Research of Group Matzner


Metachromatic leukodystrophy (MLD) is a lysosomal storage disease which is caused by a functional deficiency of arylsulfatase A (ASA). ASA catalyzes the degradation of sulfatide, an acidic sphingolipid which is present in myelin sheaths. Lack of ASA causes progressive intralysosomal accumulation of sulfatide in oligodendrocytes and Schwann cells, ultimatelly leading to demyelination of the PNS and CNS. MLD patients typically develop first clinical signs at the age of 2 years and show rapidly deteriorating neurological symptoms causing death before age 9. There is no therapeutic option which can halt or retard the disease progression.

We are interested in therapy approaches for MLD. The N-glycans of ASA harbour mannose 6-phosphate (M6P) residues which bind to M6P-receptors of the plasma membrane mediating endocytosis and lysosomal delivery of the ligand. M6P-dependent endocytosis therefore opens the possibility to treat MLD by substitution therapy. Using ASA knockout mice as an animal model of MLD, we are testing and optimizing different routes of enzyme delivery (in vivo gene therapy, ex vivo gene therapy, cell therapy, enzyme replacement therapy). For enzyme replacement therapy (ERT) recombinantly expressed ASA is supplied by repeated intravenous injection. Treatment reduces sulfatide storage throughout the nervous system and has a favourable benefit-to-risk ratio leading to the approval of a clinical phase I/II trial.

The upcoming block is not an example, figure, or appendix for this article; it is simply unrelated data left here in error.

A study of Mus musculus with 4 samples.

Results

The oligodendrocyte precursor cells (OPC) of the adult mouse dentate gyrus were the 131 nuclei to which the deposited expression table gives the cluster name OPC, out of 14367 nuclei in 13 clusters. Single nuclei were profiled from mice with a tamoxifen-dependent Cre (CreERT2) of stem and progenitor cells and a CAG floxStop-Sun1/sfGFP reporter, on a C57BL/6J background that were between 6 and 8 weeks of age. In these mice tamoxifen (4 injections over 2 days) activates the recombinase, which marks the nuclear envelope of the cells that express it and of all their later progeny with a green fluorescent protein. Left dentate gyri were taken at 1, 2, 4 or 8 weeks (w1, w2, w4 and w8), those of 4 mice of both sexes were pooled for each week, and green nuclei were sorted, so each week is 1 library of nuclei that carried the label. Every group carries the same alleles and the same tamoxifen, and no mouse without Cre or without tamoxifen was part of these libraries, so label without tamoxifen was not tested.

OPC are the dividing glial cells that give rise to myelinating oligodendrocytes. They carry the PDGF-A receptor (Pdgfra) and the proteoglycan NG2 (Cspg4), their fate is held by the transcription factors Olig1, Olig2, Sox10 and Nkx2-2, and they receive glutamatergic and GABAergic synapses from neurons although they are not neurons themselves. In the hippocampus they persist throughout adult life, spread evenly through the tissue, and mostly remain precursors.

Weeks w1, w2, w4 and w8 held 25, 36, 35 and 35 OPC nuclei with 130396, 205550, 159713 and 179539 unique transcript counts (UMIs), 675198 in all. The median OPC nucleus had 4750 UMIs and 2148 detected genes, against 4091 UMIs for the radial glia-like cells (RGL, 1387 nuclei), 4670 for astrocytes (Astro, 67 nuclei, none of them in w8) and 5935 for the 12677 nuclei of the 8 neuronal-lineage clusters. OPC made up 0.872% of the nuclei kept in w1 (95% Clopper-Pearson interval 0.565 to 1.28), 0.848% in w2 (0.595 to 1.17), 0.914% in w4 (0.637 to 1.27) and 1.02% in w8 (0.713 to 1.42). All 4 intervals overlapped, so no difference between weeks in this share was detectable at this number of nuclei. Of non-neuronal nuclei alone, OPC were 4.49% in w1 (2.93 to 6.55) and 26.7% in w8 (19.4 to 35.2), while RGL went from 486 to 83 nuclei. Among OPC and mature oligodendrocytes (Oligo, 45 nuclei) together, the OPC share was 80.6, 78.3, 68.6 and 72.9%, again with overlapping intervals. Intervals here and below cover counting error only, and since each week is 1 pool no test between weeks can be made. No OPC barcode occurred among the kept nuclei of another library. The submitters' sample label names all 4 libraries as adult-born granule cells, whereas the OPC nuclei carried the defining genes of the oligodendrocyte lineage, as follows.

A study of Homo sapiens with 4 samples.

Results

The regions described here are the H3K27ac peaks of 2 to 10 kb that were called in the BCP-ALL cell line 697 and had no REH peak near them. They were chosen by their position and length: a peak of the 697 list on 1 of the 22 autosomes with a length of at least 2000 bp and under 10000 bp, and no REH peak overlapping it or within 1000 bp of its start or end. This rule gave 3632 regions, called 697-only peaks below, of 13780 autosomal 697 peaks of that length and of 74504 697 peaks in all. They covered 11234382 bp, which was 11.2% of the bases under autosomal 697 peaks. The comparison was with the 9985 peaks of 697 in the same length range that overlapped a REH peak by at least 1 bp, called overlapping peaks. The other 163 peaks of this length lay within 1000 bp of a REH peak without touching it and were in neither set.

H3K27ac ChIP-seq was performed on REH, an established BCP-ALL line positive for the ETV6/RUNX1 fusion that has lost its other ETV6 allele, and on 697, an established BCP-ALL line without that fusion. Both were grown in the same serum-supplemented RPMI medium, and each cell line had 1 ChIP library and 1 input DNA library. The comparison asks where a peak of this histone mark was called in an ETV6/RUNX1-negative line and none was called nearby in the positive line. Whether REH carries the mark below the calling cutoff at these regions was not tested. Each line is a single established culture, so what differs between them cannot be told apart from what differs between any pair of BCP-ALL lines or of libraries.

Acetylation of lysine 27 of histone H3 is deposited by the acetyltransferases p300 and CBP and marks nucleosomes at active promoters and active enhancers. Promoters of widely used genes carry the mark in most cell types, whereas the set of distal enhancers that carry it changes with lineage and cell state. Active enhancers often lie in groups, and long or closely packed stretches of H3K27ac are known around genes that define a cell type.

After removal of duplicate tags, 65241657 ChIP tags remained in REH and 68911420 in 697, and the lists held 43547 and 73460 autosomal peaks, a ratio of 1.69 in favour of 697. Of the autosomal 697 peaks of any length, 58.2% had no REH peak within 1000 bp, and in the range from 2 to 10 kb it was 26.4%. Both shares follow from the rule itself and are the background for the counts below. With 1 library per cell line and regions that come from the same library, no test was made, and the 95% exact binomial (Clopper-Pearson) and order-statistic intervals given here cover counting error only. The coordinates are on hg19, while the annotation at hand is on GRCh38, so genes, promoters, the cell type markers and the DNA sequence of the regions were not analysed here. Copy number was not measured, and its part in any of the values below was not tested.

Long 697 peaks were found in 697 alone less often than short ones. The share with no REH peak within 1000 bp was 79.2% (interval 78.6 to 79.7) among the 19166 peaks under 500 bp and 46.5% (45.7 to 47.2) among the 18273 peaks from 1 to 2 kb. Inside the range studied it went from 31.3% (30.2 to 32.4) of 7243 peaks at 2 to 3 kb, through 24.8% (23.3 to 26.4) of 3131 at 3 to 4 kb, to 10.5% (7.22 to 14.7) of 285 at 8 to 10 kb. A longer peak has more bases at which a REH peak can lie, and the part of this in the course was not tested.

Attempts to optimize ERT focus on the blood-brain barrier which hampers the transfer of therapeutic enzyme from the circulation to the brain parenchyma. To overcome the BBB more efficiently we are exploiting peptides which are actively transcytosed across the BBB. Fusion proteins between ASA and such BBB-shuttle peptides are tested in vitro using a porcine cell culture model of the BBB and in vivo using an in situ mouse brain perfusion model.

Our second focus of interest is on the pathomechanisms underlying MLD. Progressive microgliosis seems to play a pivotal role in the CNS pathogenesis. According to our working hypothesis, activated microglial cells secrete proinflammatory cytokines promoting metabolic stress and apoptosis of oligodendrocytes. Phagocytosis of the cellular breakdown products by microglial cells in turn amplifies their activation state and cytokine release. This vicious cycle may cause a progressive chronic inflammation of the CNS triggering the widespread and devastating demyelination observed in the final stages of MLD. To identify new therapeutic targets, we are analysing microglial activation markers, cytokines and cytokine receptors expressed in the CNS of MLD-mice. Therapies with steroidal or non-steroidal anti-inflammatory drugs may represent an alternative to substitution therapy.